View Full Version : Mortuary team takes pride in how they care for remains

04-06-06, 06:52 PM
Mortuary team takes pride in how they care for remains
By Jeff Schogol, Stars and Stripes
Mideast edition, Thursday, April 6, 2006

CAMP ANACONDA, Iraq - A sign above the new mortuary affairs building at Camp Anaconda has three words: "Honor, Dignity, Respect."

For members of the 311th Quartermaster Company, the sign epitomizes how they treat fallen U.S. troops as they help them on their way home.

Members of the mortuary affairs team said they always carry the remains of U.S. troops feet first, as if the dead could walk for themselves. In another token of respect, the members of the team march the remains of fallen troops between an honor cordon of about 40 troops who salute as the remains pass by, said Sgt. Carlos Colon, 24.

Fallen troops also get one final salute once they have been loaded aboard an airplane, said Colon, of Patillas, Puerto Rico.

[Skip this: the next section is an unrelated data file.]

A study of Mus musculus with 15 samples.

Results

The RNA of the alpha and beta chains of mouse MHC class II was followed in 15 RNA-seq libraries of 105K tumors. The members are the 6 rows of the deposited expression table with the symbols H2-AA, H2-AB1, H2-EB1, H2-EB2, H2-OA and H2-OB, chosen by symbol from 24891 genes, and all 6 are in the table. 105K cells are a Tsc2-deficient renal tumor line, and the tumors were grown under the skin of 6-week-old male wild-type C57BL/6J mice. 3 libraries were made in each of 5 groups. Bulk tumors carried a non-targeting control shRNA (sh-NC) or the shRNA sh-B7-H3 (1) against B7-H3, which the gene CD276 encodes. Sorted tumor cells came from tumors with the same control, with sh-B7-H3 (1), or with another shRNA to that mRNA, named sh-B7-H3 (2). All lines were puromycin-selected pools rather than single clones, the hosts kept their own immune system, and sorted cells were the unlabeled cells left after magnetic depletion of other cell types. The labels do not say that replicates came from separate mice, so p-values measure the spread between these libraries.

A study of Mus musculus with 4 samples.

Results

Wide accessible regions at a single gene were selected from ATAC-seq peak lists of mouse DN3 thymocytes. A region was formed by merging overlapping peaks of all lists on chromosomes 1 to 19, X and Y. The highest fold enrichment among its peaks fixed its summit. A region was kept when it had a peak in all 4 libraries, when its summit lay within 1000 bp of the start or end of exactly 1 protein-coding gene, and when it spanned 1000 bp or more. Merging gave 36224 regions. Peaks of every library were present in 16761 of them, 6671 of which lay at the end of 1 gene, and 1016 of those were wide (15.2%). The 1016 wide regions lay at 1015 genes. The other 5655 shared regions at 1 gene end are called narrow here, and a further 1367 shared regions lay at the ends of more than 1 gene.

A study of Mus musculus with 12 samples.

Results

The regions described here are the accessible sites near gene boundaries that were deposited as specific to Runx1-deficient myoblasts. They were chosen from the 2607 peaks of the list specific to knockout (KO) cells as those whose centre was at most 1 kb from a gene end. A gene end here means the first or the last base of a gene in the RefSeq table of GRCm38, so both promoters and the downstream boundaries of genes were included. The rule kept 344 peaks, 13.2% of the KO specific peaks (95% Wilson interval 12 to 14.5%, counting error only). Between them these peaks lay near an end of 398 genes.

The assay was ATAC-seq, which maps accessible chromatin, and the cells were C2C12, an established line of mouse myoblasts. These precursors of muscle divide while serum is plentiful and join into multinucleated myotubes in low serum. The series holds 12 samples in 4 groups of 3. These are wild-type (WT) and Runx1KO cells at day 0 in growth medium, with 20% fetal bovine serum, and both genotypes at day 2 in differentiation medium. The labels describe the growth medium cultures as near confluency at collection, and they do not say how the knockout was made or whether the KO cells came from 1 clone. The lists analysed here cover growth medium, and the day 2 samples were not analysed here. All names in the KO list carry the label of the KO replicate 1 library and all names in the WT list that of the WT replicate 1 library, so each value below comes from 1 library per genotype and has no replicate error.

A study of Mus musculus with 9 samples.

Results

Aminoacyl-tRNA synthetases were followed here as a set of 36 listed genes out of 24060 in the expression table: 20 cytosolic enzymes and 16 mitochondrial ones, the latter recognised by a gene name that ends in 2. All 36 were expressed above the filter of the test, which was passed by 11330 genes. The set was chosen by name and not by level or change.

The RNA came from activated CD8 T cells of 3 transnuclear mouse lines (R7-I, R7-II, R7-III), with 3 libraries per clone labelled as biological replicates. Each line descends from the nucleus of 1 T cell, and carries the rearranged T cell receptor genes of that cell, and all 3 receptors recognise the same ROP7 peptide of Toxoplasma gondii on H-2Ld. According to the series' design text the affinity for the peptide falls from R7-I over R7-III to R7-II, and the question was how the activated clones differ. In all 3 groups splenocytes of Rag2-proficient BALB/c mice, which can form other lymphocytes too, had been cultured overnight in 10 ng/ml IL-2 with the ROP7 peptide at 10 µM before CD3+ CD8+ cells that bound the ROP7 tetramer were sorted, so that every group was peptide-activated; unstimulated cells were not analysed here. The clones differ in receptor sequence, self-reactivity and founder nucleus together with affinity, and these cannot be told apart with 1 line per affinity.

The remains of all servicemembers who die north of Baghdad come to Camp Anaconda for processing, said Lt. Tracia Pichotta, 27, of the 400th Quartermaster Company. Pichotta, of Erlanger, Ky., is the officer in charge of Camp Anaconda's mortuary affairs team.

She said team members are on call 24 hours a day and live in the area where they work.

In March, the team processed from one to five people's remains per week, said Sgt. Freddie Adams, 36, of Logistics Task Force 548, from Forrest City, Ark.

Colon said March was the slowest month for the team since they arrived in Iraq more than six months ago. In fact, it was the least deadly month for U.S. troops in Iraq since February 2004.

Colon said the members try to clear their minds before they start processing remains.

"We just don't think about it. We do our job," said Spc. Felix Acevedo, 23, of Moca, Puerto Rico.

Members of the team said the hardest part of the job is finding pictures of fallen troops' loved ones while tending to their remains.

Spc. Jose Ortiz, 30, said that makes him think of his own family.

"So you think about what would happen if the same thing happens to me," said Ortiz, of Guyama, Puerto Rico.

Members of the team said they take a sense of personal satisfaction and pride at doing their job, but that doesn't mean they are eager to do it all the time.

"It's good to be slow here," Pichotta said.